Quicken Loans closes mortgage refi with online remote notary – Detroit Free Press
Correction: A previous version of this story incorrectly identified the first mortgage lender to implement remote online notarization. Pontiac-based United Wholesale Mortgage was first, to use RON in 2017 in Virginia. Quicken Loans said it is the first to use RON in Michigan.
Home and business owners who’ve had to go through a series of hurdles to close a mortgage can now breathe a sigh of relief.
Quicken Loans recently closed a contract using remote online notarization, becoming the first mortgage lender to close using RON in Michigan. The electronic closing consists of the borrower and the notary signing off on a mortgage from separate locations using the internet and an audio/video connection, eliminating the need for the two parties to meet in person, the company said in a news release.
Bill Banfield, the executive vice president of Capital Markets, said the e-closings are secure and help to eliminate mistakes that will have to be corrected post-signing.
“Step by step, a notary can walk the borrower through the document,” he said. “And then they can make sure that they sign in every single place that needs to be signed and that each document is fully understood.”
The contract was a refinance transaction for a metro Detroit homeowner that was completed by Quicken Loans. The e-closing was finalized Dec. 13 by Julie Felts, a notary for title insurance provider, Amrock. Nexsys Technologies, a Detroit-based financial technology company, provided its Clear Sign eClosing platform. Clear Sign was launched in April, and more than 60,000 mortgages have closed on the platform.
“What’s most exciting for me are the possibilities that this new technology opens for home buyers and those looking to refinance here in our home state,” said Jay Farner, CEO of Quicken Loans in the news release.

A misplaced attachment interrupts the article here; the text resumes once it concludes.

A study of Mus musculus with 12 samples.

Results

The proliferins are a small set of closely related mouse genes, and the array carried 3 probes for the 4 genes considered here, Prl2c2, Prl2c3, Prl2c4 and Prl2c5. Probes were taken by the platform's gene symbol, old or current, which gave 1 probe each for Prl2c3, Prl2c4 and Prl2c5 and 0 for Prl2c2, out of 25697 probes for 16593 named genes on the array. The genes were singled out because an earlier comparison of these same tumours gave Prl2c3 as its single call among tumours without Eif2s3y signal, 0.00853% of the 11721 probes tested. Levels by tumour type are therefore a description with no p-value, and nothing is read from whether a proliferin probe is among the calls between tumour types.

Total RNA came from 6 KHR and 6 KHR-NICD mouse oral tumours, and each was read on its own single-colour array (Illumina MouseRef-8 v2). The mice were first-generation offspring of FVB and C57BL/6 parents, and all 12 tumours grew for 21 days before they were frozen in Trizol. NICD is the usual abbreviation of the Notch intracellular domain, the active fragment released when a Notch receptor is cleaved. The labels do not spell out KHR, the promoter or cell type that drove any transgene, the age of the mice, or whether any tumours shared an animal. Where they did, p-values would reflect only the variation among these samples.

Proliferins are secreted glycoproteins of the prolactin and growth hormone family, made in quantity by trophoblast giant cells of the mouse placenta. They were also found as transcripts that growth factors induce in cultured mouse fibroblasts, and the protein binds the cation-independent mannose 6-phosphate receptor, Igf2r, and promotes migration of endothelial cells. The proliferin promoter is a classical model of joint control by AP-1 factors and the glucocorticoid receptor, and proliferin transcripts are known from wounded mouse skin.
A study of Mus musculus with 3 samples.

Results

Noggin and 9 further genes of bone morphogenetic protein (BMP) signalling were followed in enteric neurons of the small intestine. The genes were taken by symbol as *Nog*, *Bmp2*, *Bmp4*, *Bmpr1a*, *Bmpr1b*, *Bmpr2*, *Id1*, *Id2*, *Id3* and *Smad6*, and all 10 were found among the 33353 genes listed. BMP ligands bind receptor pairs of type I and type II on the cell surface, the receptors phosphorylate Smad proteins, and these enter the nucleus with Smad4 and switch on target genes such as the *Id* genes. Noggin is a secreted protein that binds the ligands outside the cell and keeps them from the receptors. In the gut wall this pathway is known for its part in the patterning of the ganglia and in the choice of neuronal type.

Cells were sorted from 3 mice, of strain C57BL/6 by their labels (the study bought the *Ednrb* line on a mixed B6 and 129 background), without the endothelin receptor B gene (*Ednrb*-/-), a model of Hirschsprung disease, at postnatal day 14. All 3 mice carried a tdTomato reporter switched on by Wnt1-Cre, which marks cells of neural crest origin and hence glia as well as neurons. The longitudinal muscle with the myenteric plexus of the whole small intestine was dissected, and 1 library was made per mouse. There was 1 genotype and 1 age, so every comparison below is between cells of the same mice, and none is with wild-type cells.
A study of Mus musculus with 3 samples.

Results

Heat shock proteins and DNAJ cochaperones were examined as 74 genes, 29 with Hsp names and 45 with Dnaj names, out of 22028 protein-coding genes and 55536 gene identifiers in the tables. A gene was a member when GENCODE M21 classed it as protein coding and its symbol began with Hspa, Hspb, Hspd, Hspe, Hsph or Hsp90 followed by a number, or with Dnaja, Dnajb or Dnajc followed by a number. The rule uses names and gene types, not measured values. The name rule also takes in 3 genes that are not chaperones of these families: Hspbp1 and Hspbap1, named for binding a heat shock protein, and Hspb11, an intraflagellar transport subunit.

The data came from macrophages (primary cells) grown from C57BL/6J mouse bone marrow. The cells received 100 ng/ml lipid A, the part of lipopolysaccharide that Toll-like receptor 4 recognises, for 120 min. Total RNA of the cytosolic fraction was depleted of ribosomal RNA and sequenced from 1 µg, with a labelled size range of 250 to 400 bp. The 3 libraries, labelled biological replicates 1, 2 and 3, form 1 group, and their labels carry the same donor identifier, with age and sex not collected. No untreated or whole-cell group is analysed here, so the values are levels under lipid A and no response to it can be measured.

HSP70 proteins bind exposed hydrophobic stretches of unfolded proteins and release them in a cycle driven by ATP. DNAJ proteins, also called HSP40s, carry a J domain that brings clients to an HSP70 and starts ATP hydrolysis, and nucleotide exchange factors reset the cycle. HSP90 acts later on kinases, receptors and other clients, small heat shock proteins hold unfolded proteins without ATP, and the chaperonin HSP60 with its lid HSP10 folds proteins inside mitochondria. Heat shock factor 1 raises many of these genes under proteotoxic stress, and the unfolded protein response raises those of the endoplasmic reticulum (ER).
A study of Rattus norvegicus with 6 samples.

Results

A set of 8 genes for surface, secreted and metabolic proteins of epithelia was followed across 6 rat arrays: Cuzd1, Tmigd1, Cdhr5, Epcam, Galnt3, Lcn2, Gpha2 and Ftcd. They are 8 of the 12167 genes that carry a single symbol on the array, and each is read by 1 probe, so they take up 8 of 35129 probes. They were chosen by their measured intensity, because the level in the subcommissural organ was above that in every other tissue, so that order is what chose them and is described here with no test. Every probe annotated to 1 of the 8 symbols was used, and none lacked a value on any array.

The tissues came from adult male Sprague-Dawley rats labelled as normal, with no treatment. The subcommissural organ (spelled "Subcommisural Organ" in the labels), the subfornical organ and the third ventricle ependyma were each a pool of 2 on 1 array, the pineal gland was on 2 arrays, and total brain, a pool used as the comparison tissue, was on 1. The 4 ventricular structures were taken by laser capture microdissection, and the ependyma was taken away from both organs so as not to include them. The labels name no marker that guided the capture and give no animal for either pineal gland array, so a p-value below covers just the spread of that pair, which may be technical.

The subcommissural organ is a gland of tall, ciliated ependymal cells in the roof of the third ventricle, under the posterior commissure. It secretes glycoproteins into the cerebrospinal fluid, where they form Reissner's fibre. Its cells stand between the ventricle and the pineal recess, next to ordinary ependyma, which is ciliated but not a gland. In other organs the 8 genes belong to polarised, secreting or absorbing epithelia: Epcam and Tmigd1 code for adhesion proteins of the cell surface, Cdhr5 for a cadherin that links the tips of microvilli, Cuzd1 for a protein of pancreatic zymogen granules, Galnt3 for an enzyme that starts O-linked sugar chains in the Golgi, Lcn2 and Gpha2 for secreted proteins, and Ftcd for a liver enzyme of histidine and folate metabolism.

“Imagine a home buyer who is halfway across the country on a vacation or business trip being able to close the mortgage for their family home, or a busy nurse who only has a very short time window that doesn’t allow them to leave their workplace. I can’t wait to see all the ways we continue to make the mortgage experience easier for our clients in Michigan and throughout the country.”
Currently, 22 states have passed or enacted RON laws, such as Arizona, Florida, Indiana and Kentucky. Michigan passed its own bill last year. Consumers in any state can work with Quicken Loans, Amrock and Nexsys to complete an e-closing. However, the type of e-closing available to them depends on the state’s laws.
In addition to RON, there are two other types of e-closings: hybrid and in-person electronic notarization. For a hybrid e-closing, the consumer and notary meet to complete a mortgage closing with both traditionally and digitally signed documents, while an IPEN closing involves the two parties meeting face-to-face, but all documents are signed digitally. All three e-closings are available to use on Clear Sign.
“Michigan took proactive measures to allow both eNotarization and Remote Online Notarization in December 2018, and Nexsys worked closely with the Secretary of State in getting our platform fully approved to accept closings,” Michael Lyon, the executive vice president of Nexsys Technologies, said in the news release.
“We are proud and humbled that Clear Sign was the first e-closing platform to close a RON transaction in Michigan. This was particularly important to us, since it’s our home state. Now we’re setting our sights on neighboring states and won’t slow down until all our clients have the ability to close their mortgage from anywhere, anytime.”